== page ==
Syracuse Basketball: A $4 million NIL war chest to win big in portal, prep recruiting

Collective Orange United is targeting millions of NIL dollars for Syracuse basketball next season. Will it be enough?
Collective Orange United is targeting millions of NIL dollars for Syracuse basketball next season. Will it be enough? / Rich Barnes-USA TODAY Sports

Given the transfer portal's explosion - and somewhat absurdity - Syracuse basketball and its peers in the Atlantic Coast Conference and around the country are experiencing significant roster shake-ups now and will continue to witness this trend in the future.

What's further fueling the portal landscape is name, image and likeness opportunities that are likely creating bidding wars among college basketball programs for transfers, and to a lesser degree, potentially at the high school level.

Top-flight transfers are commanding significant NIL dollars, according to recent media reports and comments from experts. By extension, it does appear that the biggest portion of a particular team's NIL budget in collegiate hoops will end up going to the transfer market, as opposed to existing roster players or high school recruits.

While I'm cautiously optimistic that Syracuse basketball - supported by commercial NIL collective Orange United - can be relatively on par with other brand-name programs in the sport, for the 'Cuse to win big in the transfer portal (and at the prep level), a recent report suggests a massive war chest could be needed.

Syracuse basketball must have millions of NIL dollars to compete at a high level in the portal.

I found a recent article by On3 college sports business and transfer portal reporter Pete Nakos, who is one of the best in the business, to be eye-opening.

At the onset, Nakos writes that NIL budgets for college basketball programs "range from $1 to $4 million. Deals pushing half a million to seven figures are much more frequent in basketball, unlike football."

According to the On3 expert, within the portal, the "most valuable" positions are likely power forwards and centers, and the top big-men transfers can command $1 million deals. Top guards, Nakos says, can generate "roughly half a million a year."

A couple of days ago, the college basketball world was put into a frenzy when ace recruiter John Calipari left Kentucky to be the head coach at fellow Southeastern Conference school Arkansas.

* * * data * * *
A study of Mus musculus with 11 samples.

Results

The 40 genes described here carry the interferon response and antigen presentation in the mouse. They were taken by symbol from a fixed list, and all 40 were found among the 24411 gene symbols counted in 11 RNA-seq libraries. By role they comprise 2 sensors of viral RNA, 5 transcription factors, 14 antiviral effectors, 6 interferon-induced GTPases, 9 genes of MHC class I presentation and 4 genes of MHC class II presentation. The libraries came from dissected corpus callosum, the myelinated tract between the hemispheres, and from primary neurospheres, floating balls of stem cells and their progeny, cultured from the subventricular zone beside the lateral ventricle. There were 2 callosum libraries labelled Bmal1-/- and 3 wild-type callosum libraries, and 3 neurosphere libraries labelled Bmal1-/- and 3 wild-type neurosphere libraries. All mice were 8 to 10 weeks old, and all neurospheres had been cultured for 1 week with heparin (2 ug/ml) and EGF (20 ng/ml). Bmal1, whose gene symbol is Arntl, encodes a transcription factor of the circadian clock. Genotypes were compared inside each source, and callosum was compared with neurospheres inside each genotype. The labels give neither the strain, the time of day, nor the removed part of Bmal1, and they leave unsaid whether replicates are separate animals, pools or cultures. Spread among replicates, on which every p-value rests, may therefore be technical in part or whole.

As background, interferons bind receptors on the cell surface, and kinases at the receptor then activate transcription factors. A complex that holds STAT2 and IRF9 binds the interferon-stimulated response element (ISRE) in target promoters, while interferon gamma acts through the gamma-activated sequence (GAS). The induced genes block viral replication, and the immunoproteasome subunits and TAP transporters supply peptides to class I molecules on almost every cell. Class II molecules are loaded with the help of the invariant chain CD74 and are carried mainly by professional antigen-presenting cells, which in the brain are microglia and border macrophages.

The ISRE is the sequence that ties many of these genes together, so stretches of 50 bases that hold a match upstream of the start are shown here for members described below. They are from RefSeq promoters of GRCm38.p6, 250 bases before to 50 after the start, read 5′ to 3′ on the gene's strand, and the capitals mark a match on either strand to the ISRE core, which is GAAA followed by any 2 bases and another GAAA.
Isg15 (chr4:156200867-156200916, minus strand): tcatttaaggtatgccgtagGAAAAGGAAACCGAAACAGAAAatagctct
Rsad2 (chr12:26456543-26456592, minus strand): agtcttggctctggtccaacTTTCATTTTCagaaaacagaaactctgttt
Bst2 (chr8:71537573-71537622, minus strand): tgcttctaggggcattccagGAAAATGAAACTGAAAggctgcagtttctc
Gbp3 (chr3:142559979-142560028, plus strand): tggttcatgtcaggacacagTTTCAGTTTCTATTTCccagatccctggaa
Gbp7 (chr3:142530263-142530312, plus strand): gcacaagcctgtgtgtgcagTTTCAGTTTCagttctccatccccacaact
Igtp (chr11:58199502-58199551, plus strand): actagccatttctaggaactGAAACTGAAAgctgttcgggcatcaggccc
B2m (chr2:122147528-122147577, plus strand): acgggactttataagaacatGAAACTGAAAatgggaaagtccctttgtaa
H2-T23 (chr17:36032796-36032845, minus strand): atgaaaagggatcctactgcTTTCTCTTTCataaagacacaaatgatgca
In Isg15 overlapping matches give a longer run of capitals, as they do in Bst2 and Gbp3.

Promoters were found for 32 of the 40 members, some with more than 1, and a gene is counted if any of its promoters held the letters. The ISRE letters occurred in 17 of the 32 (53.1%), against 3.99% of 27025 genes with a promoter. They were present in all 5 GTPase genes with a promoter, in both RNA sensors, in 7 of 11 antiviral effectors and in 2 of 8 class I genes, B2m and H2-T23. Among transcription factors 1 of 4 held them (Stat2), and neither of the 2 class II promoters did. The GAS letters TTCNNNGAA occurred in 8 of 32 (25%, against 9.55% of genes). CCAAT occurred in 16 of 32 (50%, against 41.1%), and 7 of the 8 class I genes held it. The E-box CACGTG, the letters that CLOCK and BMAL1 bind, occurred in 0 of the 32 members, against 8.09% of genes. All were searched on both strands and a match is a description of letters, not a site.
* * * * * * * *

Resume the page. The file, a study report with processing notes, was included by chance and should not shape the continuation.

Nakos noted in his story that Calipari could have upwards of $5 million to $6 million in annual NIL funds at his disposal to utilize, and that's just an insane amount of money in my humble opinion.

Now, for some context, the typical college basketball program won't boast that kind of NIL dollars. But still, to think that a team like Syracuse basketball may need to up the ante even further to compete for elite transfers and high school recruits is a little mind-boggling to me.

This off-season, as the Orange has seen at least six players from its 2023-24 roster hit the portal, a lot of my fellow 'Cuse fans have chimed in on social media and in chat rooms that the sport of college basketball is getting out of control, with the two main factors being the transfer portal and NIL.

I get it. Times are definitely changing. Money talks. Syracuse basketball did, not too long ago, secure a commitment from a four-star transfer center, and the Orange coaching staff was also hosting two additional four-star transfers on visits this weekend.

Last month, I spoke by phone with Mark Hayes, who is Orange United's general manager. For the 2024-25 season, his commercial collective is aiming for an NIL budget of $2 million to $2.5 million for Syracuse basketball, and that's a solid target.

However, if programs in power conferences - whether from the ACC, the SEC, the Big Ten, the Big 12 or the Big East, for example - will have $3 million, $4 million, $5 million or even $6 million in annual NIL funds to work with, will the 'Cuse moving forward be able to lure top-flight transfers and high school prospects to the Hill?

That remains to be seen. I'm all for college players being able to transfer once while retaining immediate eligibility, and I'm also totally fine with collegiate student-athletes being able to earn endorsement income stemming from their names, images and likenesses.

But the sheer dollar amounts, per these various reports, are getting pretty out of hand. When is enough, enough?